The Importance of “We”

The Importance of “We”

It’s no surprise that online relationships can be challenging, especially when trying to meet Filipino or Chinese women online. Whether you are looking for a pen pal; a long term relationship, of your future bride; building a future life with an Asian woman will take work and many are up for the task. Looking for love outside of your own culture can be exciting and rewarding; as interracial couples (Caucasian or European men and Asian women) tend to report that just being aware of their cultural differences increases curiosity and discussing their differences directly may even enhance intimacy.

A recent research study (Seshadri & Knudson‐Martin, 2013) examined inter-cultural (as well as interracial) relationships in the United States. Cultural differences, especially around tradition (how we “should be”/“should behave”/”social expectations”) in a long term relationships or marriages become opportunities to co-create new traditions, increase personal meaning, and intimate strength in relationships. After conducting multiple interviews, researchers identified 4 relationship structures involving mixed culture relationships (see below).

One wife said ‘‘I thought I was pretty westernized until I married my husband. Then I realized that I was actually pretty Asian in a lot of ways. I think it’s relative to who I’m with…’’

 4 Relationship Structures with cross-cultural relationships (marriages)

Couples can use 4 major strategies to manage their cultural differences on a day-by-day basis:

  • Creating a We. Building a life after meeting online, dating and agreeing to marriage involves co-authoring a new chapter in a life story, your story. The key pieces involved in creating a ‘‘we’’ include: friendship, common ground, similar goals, working together over time, and commitment.
  • Framing Differences. How couples look at cultural differences makes all the difference. Key pieces in framing differences include sharing differences as attractive, being flexible and respectful about your spouse’s culture, and understand that cultural differences are something to learn about and celebrate.
  • Paying Attention to Feelings. We all need somebody to lean on. Strong emotions may come up from difficult culture-related situations, for example disapproval from a family member.  Communicating with your spouse about your feelings and insecurities, and clearly listening to theirs will help strengthen the emotional connection. Find ways to make adjustments around culture-related differences and find support with each other.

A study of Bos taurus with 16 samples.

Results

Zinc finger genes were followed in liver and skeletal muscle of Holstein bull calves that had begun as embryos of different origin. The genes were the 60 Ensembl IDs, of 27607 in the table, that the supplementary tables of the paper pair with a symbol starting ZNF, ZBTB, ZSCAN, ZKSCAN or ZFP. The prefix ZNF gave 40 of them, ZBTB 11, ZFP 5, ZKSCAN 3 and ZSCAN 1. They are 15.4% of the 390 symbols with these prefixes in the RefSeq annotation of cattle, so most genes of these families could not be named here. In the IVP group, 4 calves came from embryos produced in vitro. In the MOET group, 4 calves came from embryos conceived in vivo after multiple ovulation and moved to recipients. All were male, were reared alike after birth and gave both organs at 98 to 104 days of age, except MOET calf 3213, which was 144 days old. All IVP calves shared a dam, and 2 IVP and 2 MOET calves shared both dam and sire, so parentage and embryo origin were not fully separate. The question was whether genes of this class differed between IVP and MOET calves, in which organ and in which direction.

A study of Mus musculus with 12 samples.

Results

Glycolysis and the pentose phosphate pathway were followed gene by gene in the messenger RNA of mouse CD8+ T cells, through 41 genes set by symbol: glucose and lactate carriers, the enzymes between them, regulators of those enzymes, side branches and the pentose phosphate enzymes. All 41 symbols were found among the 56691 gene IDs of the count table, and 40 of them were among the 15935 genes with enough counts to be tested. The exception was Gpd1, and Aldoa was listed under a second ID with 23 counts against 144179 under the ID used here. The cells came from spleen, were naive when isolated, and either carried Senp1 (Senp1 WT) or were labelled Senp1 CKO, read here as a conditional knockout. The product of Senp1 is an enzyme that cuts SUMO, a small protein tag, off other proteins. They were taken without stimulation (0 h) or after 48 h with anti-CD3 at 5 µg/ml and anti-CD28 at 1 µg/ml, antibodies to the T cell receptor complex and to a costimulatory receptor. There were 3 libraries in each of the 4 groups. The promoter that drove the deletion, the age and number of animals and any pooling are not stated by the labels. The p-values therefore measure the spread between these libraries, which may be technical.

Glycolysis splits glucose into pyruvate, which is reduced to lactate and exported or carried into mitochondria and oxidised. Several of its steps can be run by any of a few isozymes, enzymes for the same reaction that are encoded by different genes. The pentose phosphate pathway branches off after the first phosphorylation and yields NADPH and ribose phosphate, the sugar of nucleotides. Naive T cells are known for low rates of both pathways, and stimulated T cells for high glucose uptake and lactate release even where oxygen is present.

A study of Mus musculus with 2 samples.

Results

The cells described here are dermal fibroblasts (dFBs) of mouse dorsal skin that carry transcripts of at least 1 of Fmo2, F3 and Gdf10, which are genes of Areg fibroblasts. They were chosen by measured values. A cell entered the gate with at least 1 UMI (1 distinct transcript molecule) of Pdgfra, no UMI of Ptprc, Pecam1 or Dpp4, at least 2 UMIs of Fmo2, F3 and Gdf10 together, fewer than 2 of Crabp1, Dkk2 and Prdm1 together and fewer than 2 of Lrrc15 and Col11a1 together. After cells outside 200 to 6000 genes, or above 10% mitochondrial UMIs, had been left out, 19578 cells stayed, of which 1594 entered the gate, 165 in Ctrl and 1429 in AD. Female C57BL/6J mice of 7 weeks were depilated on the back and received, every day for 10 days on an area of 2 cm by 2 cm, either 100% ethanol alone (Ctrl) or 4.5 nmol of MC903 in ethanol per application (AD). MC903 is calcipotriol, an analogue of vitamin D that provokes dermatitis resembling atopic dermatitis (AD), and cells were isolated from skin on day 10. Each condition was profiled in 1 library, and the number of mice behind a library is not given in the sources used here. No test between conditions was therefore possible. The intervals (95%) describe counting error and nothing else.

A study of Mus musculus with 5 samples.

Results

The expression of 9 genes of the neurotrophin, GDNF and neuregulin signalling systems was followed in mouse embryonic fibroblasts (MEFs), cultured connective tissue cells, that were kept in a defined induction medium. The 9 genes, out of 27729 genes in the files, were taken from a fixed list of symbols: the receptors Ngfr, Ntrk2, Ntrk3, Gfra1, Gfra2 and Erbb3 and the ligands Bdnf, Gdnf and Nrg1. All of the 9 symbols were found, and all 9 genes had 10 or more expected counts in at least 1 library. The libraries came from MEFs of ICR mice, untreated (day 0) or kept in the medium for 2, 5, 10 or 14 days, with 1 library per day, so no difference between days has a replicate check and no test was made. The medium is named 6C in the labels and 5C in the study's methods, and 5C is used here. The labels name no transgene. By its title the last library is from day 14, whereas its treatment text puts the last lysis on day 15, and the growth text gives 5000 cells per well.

• Connecting with family and community members.  “Hi Mum and Dad…Meet my special someone.” No couple is an island, it is important to set boundaries and draw respectful lines with family and community members who may have strong feelings about your friendships and relationships.  Sometimes it is best not to react to negative opinions; stay calm, collected, and unwilling to get into an argument over your relationship with your Chinese or Filipina girlfriend (or wife). Some couples use humor (appropriately) to deal with cultural differences. It may just take some time to let family and community members come around. Give them space, and in this case not physical space – emotional space. Emotional space gives the person time to come around on their own terms.  Once family members start to relate and connect to their new in-law as individuals; cultural issues fade away.

Putting it all together – finding the right woman from a different culture (Chinese, Filipina, or somewhere else in the world) online for chatting, an email pen pal or a future bride; it is important to communicate about culture and understand that integrating cultural traditions, values, and ideas into a solid state of “WE” will support a long and satisfying connection.